In early December of 2011, Dick Frizzell gave the Hawke’s Bay Museums Trust an early Christmas present of 92 artist proof prints. Classic works like Mickey to Tiki, the Red Haring Series, Give it a Whirl and many more were amongst the stocking fillers.
My project whilst working back at the glorious HBMAG over my Uni Holiday break is to go over each of the 92 prints, get their dimensions, take a photograph, write a brief description, enter all the relevant information into the collection database, then mat them all. I also got a chance to sit in on a curatorial meeting to see how they go about coming up with exhibition ideas, which was, in my head, more complex than I had originally thought. I was then asked to think about how I would go about exhibiting the newly acquired Frizzell prints. A feeling of con-puzzlement (being confused and puzzled at the same time) swept over me upon being asked this and at the realisation of the daunting task ahead.
Viewing each of the works more than half a dozen times three distinctive themes became apparent to me in the prints we received from Dick; Tiki’s, Charlie (the Four Square guy) and household things like recipes, appliances and food. Annoyingly for myself I couldn’t escape these themes over the Christmas and New Year break. Firstly, because everywhere I went had something that reminded me of a particular print, especially since the Four Square Man’s image seemed to pop up in the most unlikely of places. And secondly because I kept coming up with little exhibition ideas that started with “if I were to exhibit these in an exhibition… How would I exhibit them? Where would I exhibit them? What ones out of the 92 prints would I exhibit? And why are we exhibiting them/why these particular works are being exhibited?” More questions than answers would usually eventuate from such ideas. But such ideas can be thought about whilst carrying on with my matting.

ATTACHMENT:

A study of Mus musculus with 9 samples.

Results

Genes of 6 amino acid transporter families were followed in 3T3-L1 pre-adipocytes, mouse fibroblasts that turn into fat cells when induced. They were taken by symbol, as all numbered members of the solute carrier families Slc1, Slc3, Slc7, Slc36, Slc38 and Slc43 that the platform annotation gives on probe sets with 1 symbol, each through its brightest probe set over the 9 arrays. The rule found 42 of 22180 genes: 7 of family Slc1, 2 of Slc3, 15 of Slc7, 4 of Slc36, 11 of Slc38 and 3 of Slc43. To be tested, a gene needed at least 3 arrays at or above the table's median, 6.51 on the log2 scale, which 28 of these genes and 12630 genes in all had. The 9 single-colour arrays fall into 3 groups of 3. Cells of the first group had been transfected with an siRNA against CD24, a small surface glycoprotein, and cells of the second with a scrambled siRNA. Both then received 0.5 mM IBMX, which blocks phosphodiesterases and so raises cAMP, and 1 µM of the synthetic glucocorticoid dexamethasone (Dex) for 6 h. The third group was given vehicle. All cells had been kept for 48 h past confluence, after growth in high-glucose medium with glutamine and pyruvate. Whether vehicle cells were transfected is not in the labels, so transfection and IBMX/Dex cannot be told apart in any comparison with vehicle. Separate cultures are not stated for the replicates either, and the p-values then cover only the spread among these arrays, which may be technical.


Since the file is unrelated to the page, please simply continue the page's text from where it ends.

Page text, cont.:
In my opinion the matting part is definitely the fun part. Thinking about it now though, all matting is, is cutting a rectangular shape out of mat board using a set algebraic equation and a mat cutter, pretty much making me a glorified rectangle cutter. I won’t bore you with the details of the equation, but it involves numbers and the horrible idea of using algebra to get the area and placement of the window of mat you need to cut out. After the mat is cut and the work is centred, the next step is to attach the rice paper hinges to the back of the work. Using another set of rice paper hinges I then attached the work to its backing mat which is joined to the window mat creating a folder with a window cut out of it (multiply this process by 92 and that’s a lot of rectangular cut outs). After all that you get a final matted work which, if need be, is ready to go into a frame and into an exhibition.
When I was first told about my project back in November I wasn’t the biggest fan of Dick’s work, but now, through either being surrounded by Frizzellian prints, or the reading up I’ve been doing, I find myself growing fonder of his work. Am I, dare I say it, becoming a fan? I guess only time will tell.